Having attended myriad web conferences over the years, we’ve heard most every prediction you can imagine. Some were a bit misguided (“Portals are the future direction of the Web!”) and others were spot on (“This Google thing seems to have legs…”).
Far and away, though, the most elusive prediction to get right has been “It’s the Year of Mobile!” Having heard this mantra since 2005 or so, it felt like my annual rallying cry regarding the Chicago Cubs World Series chances, with the results always seeming to fall short of expectations.
Expectations and reality finally crossed paths in 2011, and I now feel confident proclaiming that 2011 was indeed the “Year of Mobile” for consumers and marketers alike. More than 50 percent of all new phones purchased in the U.S. are now smartphones, and these devices are the clear driving forces behind the surge in mobile Internet usage.
But if 2011 was finally the Year of Mobile, then 2012 will be about the bifurcation of mobile devices. Tablet adoption has skyrocketed at a blistering pace, reaching almost 36 million devices in the U.S. by the end of 2011.
Although smartphones and tablets share many common attributes, they differ greatly as it relates to where the devices are used, what they use them for, and most importantly, how you should market via search to consumers on the different devices.
How are These Devices Different?
A recent webinar collaboration between comScore and Performics explored the differences between the smartphone and tablets from both a behavioral and functionality perspective, and then dug into some specific techniques you can utilize.
Behaviorally, the first thing to note is where consumers use the devices.
Smartphones accompany consumers pretty much everywhere they go. As they explore the world, their search activity on this device mirrors this ambulatory motion. People look for maps, news bites, pricing comparisons, restaurants, and the like. This on-the-go activity is further supported by the fact that 63 percent of all smartphone Internet access is done via the mobile network.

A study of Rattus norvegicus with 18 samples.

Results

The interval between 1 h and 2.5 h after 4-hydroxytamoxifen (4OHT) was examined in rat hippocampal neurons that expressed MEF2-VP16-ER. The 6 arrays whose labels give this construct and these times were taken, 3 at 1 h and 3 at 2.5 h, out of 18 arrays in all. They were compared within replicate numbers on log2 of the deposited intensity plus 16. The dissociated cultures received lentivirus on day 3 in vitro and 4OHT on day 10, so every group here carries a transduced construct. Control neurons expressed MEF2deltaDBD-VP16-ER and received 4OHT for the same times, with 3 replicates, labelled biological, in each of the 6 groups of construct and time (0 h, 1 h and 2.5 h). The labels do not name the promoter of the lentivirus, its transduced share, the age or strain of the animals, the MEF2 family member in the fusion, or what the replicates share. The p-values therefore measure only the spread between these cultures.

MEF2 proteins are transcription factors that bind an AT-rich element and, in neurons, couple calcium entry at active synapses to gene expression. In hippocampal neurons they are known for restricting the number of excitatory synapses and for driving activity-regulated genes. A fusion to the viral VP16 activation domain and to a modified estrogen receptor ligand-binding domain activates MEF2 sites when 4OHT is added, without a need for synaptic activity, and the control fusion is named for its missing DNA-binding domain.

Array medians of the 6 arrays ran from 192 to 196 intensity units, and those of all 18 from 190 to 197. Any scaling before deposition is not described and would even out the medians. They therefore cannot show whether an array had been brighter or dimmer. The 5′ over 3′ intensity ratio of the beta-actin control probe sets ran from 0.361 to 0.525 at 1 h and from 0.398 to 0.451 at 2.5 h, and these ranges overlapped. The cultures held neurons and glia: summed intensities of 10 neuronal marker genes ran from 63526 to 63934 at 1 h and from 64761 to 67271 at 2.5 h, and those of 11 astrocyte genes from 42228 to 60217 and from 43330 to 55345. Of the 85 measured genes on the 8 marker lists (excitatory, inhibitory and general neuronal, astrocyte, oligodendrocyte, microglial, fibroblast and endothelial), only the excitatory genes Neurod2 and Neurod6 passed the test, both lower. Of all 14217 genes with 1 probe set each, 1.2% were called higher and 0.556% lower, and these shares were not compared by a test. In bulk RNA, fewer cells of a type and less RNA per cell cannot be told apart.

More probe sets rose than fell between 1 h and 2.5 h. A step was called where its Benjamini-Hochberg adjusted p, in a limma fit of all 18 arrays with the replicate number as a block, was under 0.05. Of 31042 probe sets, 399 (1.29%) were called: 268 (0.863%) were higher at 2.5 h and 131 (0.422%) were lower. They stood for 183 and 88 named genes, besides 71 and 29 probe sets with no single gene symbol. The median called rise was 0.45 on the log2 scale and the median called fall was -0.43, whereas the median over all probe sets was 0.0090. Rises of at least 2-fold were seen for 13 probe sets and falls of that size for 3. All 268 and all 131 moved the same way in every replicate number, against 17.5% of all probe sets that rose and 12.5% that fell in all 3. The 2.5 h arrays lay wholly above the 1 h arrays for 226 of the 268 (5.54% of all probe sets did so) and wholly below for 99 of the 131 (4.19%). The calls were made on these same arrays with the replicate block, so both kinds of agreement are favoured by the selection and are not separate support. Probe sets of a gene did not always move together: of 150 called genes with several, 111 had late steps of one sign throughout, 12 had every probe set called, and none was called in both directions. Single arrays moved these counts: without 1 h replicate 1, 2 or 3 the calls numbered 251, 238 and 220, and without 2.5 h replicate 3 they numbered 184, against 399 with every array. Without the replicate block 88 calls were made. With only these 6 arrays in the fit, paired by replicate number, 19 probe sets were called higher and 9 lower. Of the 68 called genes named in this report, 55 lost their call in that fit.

Tablets, on the other hand, are primarily being used in the home at this time, with 92 percent of tablet Internet access happening on WiFi networks. People use their tablets while lying on the couch, possibly in bed watching TV, surfing the web while lounging. Perhaps it’s the first truly lean-back/lean-forward device. Ultimately the search activity on tablets more closely reflects that of the PC given the similarly stationary environment.
Similarly, data from Performics indicates that tablet and desktop searchers spend more money directly on their device when compared to smartphone searchers. This helps to reinforce searchers desire for different content and experiences by screen size.
Functionally, the search experience on a smartphone device is vastly different from that of a tablet, so here are some recommendations for how you should think about your search strategy across channels.
The small size of the search engine results page (SERP) and the on-the-go search needs on these devices means you should keep it short and simple. Assuming you’re already optimizing your keyword lists for those “on-the-go” terms, the following are your top five most important strategy considerations:
- Bid for positions 1 & 2: Anything lower will most probably never been seen and your CTRs will plummet.
- Add sitelinks: You can take up almost one-quarter of the page by expanding the size of your ad creative
- Include location extensions, hyper local formats, and local offers.
- Include Click to Call/Click to download options: It’s critical that your calls to action and KPIs reflect the unique needs of mobile searchers. Remember, this mobile device actually still makes phone calls.
- Optimize for organic search: Combine the top paid link with the top organic link and you pretty much have your own mobile SERP.
As noted earlier, the tablet searcher will share more similarities with the PC searcher than the smartphone searcher, so you need to adjust your strategy accordingly. Your top five tablet search strategy considerations are:
- Bid strategy can account for positions beyond 1 & 2: The large interface and the simple scrolling gesture to view the entire SERP allows for a more nuanced approach to the page/position rank optimization. Although being in position 1 is ideal, tablet campaigns can still work with lower positions.
- Gear your copy and site links to tablet users: For example, “Purchase now from your tablet.” Since tablet users are most likely at home, your messaging should reflect the types of actions best suited to that environment (click to download is much better suited than click to call).
- Drive tablet searchers to desktop and tablet specific landing pages: You don’t want to serve a tablet searcher your smartphone optimized mobile landing page.
- Avoid Flash: iPads make up more than 90 percent of all tablet traffic and they don’t render Flash, so avoid the technology for now.
- Don’t simply use your smartphone keyword list: Remember, think of tablets like desktops and adjust your keyword groups to best serve this type of searcher. Tablets will allow for longer tail and higher funnel awareness keywords.
Mobile marketers last year began to test the waters of targeting mobile devices differently than they would PCs and desktops. This was a good start, but the multiplicity of devices in use combined with the increasing sophistication of targeting options available is eventually going to require additional effort on your part to best optimize your mobile spend.
Take the time to study the numbers, stay up to date on the evolving trends, and you’ll find your mobile search ROI will move in the right direction.